When Meat Can Be a Lifesaver

When Meat Can Be a Lifesaver


But if something is made only by animals, what about those eating vegetarian? Thankfully, vegetarians are animals too, so they make it themselves. Now, true carnivores are the exception. Cats don’t make taurine, for example, but that’s because they’re built to eat animals that do. But humans produce all these compounds on their own—unless they have some rare genetic inborn error of metabolism birth defect.

There is actually a hereditary disease that may affect as many as one in 40,000 births. It’s a mutation on chromosome 5 of a carnitine transport protein. They actually make enough carnitine; but because of the birth defect, end up peeing too much out, and so develop a carnitine deficiency.

And actually, there was a case report about 30 years ago of a 10-year-old boy in Israel in and out of the hospital every four or five months. No one knew what was going on. The clue only came when he decided to go meat-free, and that made things worse. Then he started having attacks every three weeks. Turns out he had that rare disorder; that’s why he was sick. But it was being kept somewhat at bay by the exogenous, external dietary source of carnitine in the meat that the other 39,999 kids out of 40,000 don’t need.

He stayed vegetarian, but they gave him high-dose carnitine supplements, and at the time of the report he was 12, and completely cured.

To see any graphs, charts, graphics, images, and quotes to which Dr. Greger may be referring, watch the above video. This is just an approximation of the audio contributed by veganmontreal.

Please consider volunteering to help out on the site.

Images thanks to Ben Mills, Bb3cxv, Sbrools, and Edgar181 via Wikimedia Commons; Kay Gaensler via Flckr; and Thora Thinks.

Remember the arachidonic acid story? We make it, but we can also get it in our diet eating other animals that make it; same thing with cholesterol.  Well, there are similar necessary components found exclusively, or almost exclusively, in the animal kingdom—not the plant kingdom—such as carnosine, carnitine, creatine, and taurine.

But if something is made only by animals, what about those eating vegetarian? Thankfully, vegetarians are animals too, so they make it themselves. Now, true carnivores are the exception. Cats don’t make taurine, for example, but that’s because they’re built to eat animals that do. But humans produce all these compounds on their own—unless they have some rare genetic inborn error of metabolism birth defect.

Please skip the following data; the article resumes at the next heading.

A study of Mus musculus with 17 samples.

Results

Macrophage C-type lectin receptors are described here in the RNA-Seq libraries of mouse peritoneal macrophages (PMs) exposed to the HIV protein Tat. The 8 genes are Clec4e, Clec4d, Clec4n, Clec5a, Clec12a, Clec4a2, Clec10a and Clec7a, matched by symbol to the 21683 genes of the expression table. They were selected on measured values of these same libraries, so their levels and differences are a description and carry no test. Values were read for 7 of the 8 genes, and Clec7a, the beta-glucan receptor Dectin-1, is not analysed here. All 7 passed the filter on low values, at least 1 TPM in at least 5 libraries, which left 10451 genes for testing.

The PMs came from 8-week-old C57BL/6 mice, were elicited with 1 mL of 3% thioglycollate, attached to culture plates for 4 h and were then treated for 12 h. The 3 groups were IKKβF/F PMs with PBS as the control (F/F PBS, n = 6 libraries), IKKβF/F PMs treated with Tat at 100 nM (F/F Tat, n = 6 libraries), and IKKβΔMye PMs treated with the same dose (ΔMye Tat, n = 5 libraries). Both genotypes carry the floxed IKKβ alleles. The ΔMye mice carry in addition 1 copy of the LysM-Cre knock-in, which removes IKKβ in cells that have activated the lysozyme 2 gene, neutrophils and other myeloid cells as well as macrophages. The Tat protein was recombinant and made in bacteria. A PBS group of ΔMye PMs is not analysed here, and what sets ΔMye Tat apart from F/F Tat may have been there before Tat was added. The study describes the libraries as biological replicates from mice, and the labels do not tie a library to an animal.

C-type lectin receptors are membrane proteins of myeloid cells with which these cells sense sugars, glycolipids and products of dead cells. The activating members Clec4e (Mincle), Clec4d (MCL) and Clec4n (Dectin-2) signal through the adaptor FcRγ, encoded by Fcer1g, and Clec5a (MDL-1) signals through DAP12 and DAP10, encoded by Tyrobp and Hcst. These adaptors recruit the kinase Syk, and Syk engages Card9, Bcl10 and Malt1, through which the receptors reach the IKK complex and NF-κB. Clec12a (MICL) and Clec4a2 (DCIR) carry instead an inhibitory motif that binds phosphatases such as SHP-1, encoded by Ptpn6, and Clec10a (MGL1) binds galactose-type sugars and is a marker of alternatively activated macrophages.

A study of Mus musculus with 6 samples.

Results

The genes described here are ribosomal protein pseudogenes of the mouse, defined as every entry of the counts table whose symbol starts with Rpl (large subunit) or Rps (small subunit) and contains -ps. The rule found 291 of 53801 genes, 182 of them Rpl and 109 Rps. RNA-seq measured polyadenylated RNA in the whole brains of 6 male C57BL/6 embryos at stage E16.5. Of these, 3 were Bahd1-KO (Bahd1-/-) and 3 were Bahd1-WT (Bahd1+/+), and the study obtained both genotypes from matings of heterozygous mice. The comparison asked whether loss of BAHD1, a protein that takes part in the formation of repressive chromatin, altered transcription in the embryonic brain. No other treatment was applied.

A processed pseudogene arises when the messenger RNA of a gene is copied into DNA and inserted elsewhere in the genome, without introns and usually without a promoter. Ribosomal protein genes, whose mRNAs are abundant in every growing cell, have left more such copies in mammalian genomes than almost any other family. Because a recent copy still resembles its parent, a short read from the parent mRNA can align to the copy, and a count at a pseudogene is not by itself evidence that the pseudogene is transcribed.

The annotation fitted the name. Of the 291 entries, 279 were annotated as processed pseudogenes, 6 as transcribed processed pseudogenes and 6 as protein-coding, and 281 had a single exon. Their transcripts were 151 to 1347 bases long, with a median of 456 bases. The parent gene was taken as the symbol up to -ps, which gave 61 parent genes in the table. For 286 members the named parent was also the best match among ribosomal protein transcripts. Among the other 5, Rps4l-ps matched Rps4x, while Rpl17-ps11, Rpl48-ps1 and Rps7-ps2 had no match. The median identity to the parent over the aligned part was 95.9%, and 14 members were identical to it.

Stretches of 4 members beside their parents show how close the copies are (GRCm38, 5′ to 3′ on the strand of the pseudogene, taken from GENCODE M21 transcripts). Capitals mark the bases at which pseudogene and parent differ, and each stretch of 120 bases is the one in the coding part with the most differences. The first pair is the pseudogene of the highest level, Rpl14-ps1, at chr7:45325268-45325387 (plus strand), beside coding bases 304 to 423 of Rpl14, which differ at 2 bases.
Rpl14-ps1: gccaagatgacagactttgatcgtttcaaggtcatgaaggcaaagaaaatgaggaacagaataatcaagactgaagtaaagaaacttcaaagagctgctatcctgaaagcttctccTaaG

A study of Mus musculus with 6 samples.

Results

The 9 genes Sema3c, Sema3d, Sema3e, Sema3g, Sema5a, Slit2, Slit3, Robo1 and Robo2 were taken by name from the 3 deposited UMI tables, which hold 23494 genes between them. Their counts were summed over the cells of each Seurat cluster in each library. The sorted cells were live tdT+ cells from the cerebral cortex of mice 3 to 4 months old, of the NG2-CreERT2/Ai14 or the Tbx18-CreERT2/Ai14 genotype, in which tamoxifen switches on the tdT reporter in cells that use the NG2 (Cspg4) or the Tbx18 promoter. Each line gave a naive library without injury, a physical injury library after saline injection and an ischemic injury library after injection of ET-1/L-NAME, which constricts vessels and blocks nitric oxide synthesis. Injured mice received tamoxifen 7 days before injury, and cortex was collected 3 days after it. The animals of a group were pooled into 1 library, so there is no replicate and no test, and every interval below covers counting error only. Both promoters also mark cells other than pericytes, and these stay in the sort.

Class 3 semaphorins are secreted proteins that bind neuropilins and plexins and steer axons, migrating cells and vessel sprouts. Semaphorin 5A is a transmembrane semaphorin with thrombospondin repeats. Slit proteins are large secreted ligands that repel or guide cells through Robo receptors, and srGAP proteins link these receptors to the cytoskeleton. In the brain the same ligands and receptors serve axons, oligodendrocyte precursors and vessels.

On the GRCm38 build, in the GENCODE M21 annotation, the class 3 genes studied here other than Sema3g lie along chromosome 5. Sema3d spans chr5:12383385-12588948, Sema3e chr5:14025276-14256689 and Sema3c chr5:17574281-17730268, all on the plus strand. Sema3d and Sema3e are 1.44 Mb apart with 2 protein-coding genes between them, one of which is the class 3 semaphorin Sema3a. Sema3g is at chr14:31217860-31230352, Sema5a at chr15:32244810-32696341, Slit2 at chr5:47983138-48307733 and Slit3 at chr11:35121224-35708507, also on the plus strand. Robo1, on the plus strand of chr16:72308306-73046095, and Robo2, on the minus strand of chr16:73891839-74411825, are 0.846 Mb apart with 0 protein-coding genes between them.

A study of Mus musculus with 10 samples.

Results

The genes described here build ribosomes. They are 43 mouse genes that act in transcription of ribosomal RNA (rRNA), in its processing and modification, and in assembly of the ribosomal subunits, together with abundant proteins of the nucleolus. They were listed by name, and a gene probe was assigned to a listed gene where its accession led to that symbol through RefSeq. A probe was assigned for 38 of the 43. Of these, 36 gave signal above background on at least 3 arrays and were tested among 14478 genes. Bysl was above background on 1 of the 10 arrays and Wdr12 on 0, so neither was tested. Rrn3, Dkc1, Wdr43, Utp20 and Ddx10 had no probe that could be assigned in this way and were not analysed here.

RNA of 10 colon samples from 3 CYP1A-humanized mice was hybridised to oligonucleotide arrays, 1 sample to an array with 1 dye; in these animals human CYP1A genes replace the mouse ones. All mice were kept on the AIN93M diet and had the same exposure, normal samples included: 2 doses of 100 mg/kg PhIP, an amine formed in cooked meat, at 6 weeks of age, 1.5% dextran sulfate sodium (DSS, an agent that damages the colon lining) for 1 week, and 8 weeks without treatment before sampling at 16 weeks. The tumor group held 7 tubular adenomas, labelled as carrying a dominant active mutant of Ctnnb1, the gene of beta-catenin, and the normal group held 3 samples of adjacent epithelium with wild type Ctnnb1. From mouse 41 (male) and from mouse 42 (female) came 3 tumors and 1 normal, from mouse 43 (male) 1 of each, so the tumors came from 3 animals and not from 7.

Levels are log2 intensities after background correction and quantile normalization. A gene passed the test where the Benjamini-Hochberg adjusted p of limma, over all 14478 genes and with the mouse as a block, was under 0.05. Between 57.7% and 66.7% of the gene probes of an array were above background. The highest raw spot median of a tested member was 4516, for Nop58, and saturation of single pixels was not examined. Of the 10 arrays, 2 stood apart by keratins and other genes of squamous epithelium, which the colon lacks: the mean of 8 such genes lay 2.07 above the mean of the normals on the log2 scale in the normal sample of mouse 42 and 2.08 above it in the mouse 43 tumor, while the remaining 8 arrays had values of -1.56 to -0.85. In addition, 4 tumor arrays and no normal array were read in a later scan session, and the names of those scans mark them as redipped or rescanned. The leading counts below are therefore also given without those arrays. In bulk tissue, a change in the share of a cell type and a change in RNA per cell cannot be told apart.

There is actually a hereditary disease that may affect as many as one in 40,000 births. It’s a mutation on chromosome 5 of a carnitine transport protein. They actually make enough carnitine; but because of the birth defect, end up peeing too much out, and so develop a carnitine deficiency.

And actually, there was a case report about 30 years ago of a 10-year-old boy in Israel in and out of the hospital every four or five months. No one knew what was going on. The clue only came when he decided to go meat-free, and that made things worse. Then he started having attacks every three weeks. Turns out he had that rare disorder; that’s why he was sick. But it was being kept somewhat at bay by the exogenous, external dietary source of carnitine in the meat that the other 39,999 kids out of 40,000 don’t need.

He stayed vegetarian, but they gave him high-dose carnitine supplements, and at the time of the report he was 12, and completely cured.

To see any graphs, charts, graphics, images, and quotes to which Dr. Greger may be referring, watch the above video. This is just an approximation of the audio contributed by veganmontreal.

Please consider volunteering to help out on the site.

Images thanks to Ben Mills, Bb3cxv, Sbrools, and Edgar181 via Wikimedia Commons; Kay Gaensler via Flckr; and Thora Thinks.

Nota del Doctor

The arachidonic acid story I refer to in the video can be viewed here: Chickens, Eggs, and Inflammation. Vitamin B12 is a nutrient not made by plants or animals, and is critical for those eating plant-based diets. See Safest Source of B12 for an introduction, and also check out my blog post Vegan B12 Deficiency: Putting It Into Perspective.

Note that both of the sources listed in Sources Cited (above) are open access, so you can download them by clicking on the links.

If you haven’t yet, you can subscribe to my videos for free by clicking here.